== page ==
Date: 5 May 2011
The event will be held in Colombo, Sri Lanka, with the participation of distinguished participants from academia, government, civil society, international organizations, and the press. The list of well known participants making opening remarks, presentations and commenting on the publication includes:
Institute of Policy Studies of Sri Lanka
W. A. Wijewardena
Former Deputy Governor
Central Bank of Sri Lanka
M. Hussain Malik
Economic Affairs Officer
Macroeconomic Policy and Development Division
United Nations Economic and Social Commission for Asia and the Pacific
United Nations Information Centre
Country briefing note <download pdf file>
Growth accelerates in 2010 and expected to remain equally high in 2011
In Sri Lanka , the economic recovery that began in the second half of 2009 gained momentum and GDP growth is estimated to have accelerated sharply to 8.0% in 2010 from 3.5% in 2009. With the end of the civil war in Sri Lanka , reconstruction activities in the war-torn areas and enhanced tourist arrivals are expected to provide a further boost to economic growth, which should reach 8% in 2011 despite damages caused by severe floods in the country in the first quarter of 2011.
Modest inflationary pressures in 2010
In Sri Lanka , improved domestic supply conditions and supportive fiscal policies helped to limit inflation to 5.9% in 2010. Domestic supply conditions improved due to improved performance by the agricultural sector and an increased supply of food commodities, mainly from the north and east of the country, due to the improved security situation in those areas. The continued stability of the domestic currency cushioned the price increases of imported commodities, while measures taken by the Government, particularly downward adjustments to tariffs applicable to imported commodities, helped to reduce price pressures further. The unchanged domestic prices for petrol and diesel during the year helped to contain inflation.
Fiscal situation improves in 2010
In Sri Lanka , the budget deficit is estimated at 8% of GDP for 2010 as compared to the 2009 deficit of 9.9%. The improvement in the fiscal situation was helped by the considerable recovery in government revenue due to the expansion of economic activities and through savings in government expenditure in certain areas, which was achieved while maintaining public investment at the targeted level.
Exports revive but imports grow more rapidly
Foreign trade witnessed a sharp boost in Sri Lanka . While exports grew at a double-digit rate in 2010, import growth was even faster due to increased economic activity and infrastructure investment. With recovery in tourism and continued strong worker remittances, the current account deficit was estimated at around 4% of GDP in 2010. Foreign exchange reserves reached $6.6 billion by end of the year.
Some major policy challenges
High inflation rates in South Asia can compromise the achievement of sustained high growth rates. Containing inflationary pressures should therefore be a priority in the policy agendas of governments. Both demand- and supply-side factors have contributed to inflationary pressures in the subregion. High budget deficits in most countries have been instrumental in increasing liquidity and have generated price pressures in the face of supply constraints. There is an urgent need to bring budget deficits down to a more sustainable level.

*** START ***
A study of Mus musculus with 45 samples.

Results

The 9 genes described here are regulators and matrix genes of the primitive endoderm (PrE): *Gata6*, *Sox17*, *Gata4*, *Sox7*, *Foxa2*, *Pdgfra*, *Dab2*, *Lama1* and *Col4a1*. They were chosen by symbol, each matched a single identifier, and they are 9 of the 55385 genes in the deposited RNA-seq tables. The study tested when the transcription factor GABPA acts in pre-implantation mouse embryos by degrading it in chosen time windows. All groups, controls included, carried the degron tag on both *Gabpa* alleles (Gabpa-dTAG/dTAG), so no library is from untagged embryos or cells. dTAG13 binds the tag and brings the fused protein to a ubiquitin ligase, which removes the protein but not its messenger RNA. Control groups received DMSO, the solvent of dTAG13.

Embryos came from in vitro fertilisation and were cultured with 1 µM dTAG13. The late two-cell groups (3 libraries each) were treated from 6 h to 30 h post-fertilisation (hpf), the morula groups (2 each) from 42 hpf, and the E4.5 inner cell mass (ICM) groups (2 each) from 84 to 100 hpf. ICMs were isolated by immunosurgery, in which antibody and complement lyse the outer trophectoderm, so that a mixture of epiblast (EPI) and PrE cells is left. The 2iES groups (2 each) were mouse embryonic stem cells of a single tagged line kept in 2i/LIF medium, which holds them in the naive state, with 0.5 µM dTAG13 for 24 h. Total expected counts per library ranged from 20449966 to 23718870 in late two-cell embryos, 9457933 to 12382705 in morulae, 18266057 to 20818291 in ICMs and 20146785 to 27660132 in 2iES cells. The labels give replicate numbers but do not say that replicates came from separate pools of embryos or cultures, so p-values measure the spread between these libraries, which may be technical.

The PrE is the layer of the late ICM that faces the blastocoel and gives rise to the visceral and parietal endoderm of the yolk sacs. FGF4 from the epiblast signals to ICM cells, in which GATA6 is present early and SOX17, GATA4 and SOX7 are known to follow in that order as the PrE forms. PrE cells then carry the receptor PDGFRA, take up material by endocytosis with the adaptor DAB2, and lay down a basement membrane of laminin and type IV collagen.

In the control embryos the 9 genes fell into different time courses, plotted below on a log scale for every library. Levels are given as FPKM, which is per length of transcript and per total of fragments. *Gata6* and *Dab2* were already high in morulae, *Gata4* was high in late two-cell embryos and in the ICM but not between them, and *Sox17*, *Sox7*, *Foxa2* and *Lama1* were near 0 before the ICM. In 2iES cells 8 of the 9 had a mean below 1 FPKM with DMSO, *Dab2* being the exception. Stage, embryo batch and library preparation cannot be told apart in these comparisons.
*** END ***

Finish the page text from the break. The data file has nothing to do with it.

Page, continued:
Some countries have been tightening monetary policy to alleviate pressures on inflation from the demand side but a combination of monetary, fiscal and other measures is needed to reduce price pressures. Repeated supply shocks pose a constant challenge to sustaining a low inflation regime. A more medium-term approach is needed in order to augment the supply of items of mass consumption by addressing structural supply constraints.
Strong and sustained growth momentum is needed in South Asia to tackle the long-term problem of widespread poverty. Over the past few years, most countries have made progress in reducing poverty. Even today, however, at least one in every three persons in South Asia is classified as poor. The fight against poverty therefore must continue. Countries need to continue pursuing economic reforms to improve productivity, strengthen public institutions, improve economic governance, and build social safety nets to protect the more vulnerable segments of the population. To promote more inclusive growth, the provision of basic services such as health and education and the generation of ample employment opportunities should remain the principal priority in the policy agendas of all governments. Growth cannot be sustained in the long run if it is not inclusive.
On the physical infrastructure side, o ne of the biggest challenges being faced by several countries is improving the electricity supply. Both short-term and long-term measures are needed to tackle the electricity problem. To boost electricity supply in the short term, In South Asia, transmission and distribution losses vary from 20% to 40% in different countries and theft of electricity is a major problem. There is therefore a need for greater efficiency on both the generation and distribution sides. The promotion of regional cooperation in the energy sector can benefit the participating countries enormously.
Concerning electricity pricing, s ome countries have been providing substantial subsidies, but they are being withdrawn. This process has been raising the cost of living, though, and there is a need to provide some form of protection to the poor. Tariff rates somehow need to be kept affordable for small consumers. It is also worth considering a more targeted approach to providing subsidies following the pattern of food stamps, where electricity stamps or coupons can be given to the poor to pay their electricity bills.